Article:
Gratitude Graffiti: Part 2

In the second part of the series about Gratitude Graffiti , one of the project leaders describes her experiences of "looking for the good."

By Vanessa Merritt

Years ago, a friend, colleague and exceptional educator, described a daily ritual that took place in her classroom during “Carpet Time.”  For a few special moments, she had her students  “look for the good.”  At the time, I filed this rich sounding experience in the back of my mind.  With my own children, I have periodically borrowed the phrase.  I have pulled it out in an effort to have them find a solution, or to promote empathy in lieu of critical judgment.  For a long time, I kept “look for the good” filed in my repertoire for teachable moments - to be pulled out when the situation seemed just right.

Now, years later, “looking for the good” has a new context.  The context is “PRACTICING GRATITUDE .”  I now realize this was exactly what my friend, (the exceptional educator), was fostering in her classroom all along! 

My ah-ha moment came through working on the Gratitude Graffiti Project.  The Gratitude Graffiti Project promotes practicing gratitude - an accessible “tool” that can be used to create a healthy habit linked to emotional health.  Lucila McElroy, co-founder of the Gratitude Graffiti Project, invited me to work on the project wearing my "educator’s hat."  I happily obliged, and set to work developing a resource package for teachers.  While compiling “read-aloud” book lists, writing lesson plans for creative activities, and facilitating in classrooms, I noticed the practice of gratitude targets Prescribed Leaning Outcomes set out in the Health section of the BC Curriculum.  I was impressed with how the practice of gratitude can so easily be integrated across the curriculum.  Most remarkably, it became clear that a regular practice of gratitude can be powerful!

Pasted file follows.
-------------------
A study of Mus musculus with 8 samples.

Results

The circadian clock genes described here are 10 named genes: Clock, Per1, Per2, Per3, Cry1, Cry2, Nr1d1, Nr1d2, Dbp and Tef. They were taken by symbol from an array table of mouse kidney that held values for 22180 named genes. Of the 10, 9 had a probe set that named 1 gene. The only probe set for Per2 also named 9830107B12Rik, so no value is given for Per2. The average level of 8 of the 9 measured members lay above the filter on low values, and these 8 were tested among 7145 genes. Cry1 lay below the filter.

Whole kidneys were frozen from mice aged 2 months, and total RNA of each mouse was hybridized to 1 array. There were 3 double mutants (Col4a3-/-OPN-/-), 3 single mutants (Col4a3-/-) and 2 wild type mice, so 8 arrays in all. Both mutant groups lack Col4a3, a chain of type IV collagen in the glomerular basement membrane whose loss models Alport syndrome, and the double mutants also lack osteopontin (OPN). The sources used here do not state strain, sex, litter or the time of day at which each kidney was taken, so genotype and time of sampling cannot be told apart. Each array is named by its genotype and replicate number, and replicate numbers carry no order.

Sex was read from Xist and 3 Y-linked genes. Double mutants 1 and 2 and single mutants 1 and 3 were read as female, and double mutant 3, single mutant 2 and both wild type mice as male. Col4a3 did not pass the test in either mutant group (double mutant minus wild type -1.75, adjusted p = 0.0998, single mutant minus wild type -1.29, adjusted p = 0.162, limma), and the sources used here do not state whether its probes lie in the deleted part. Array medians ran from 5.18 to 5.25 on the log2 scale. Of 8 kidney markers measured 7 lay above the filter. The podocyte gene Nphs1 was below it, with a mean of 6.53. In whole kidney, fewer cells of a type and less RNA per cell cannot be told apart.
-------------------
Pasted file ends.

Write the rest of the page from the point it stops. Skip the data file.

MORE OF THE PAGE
I am heartened by how practicing gratitude can benefit an individual’s wellbeing, and consequently have a positive effect on classroom culture.  It is inspiring to see how, through the project, schools weave gratitude into the fabric of their communities, and thereby, foster the development of an important life skill among their learners. 

On a personal level, “look for the good,” once, a rich sounding experience has evolved into a way to experience life richly.  I am grateful.

Ever since teaching her first class of Kindergarteners, Vanessa Merritt has been focused on fostering the social and emotional development of children.  As a parent of three, an educator with 21 years of experience, and a consultant and facilitator for the Gratitude Graffiti Project, she is passionate about promoting social and emotional development through creativity.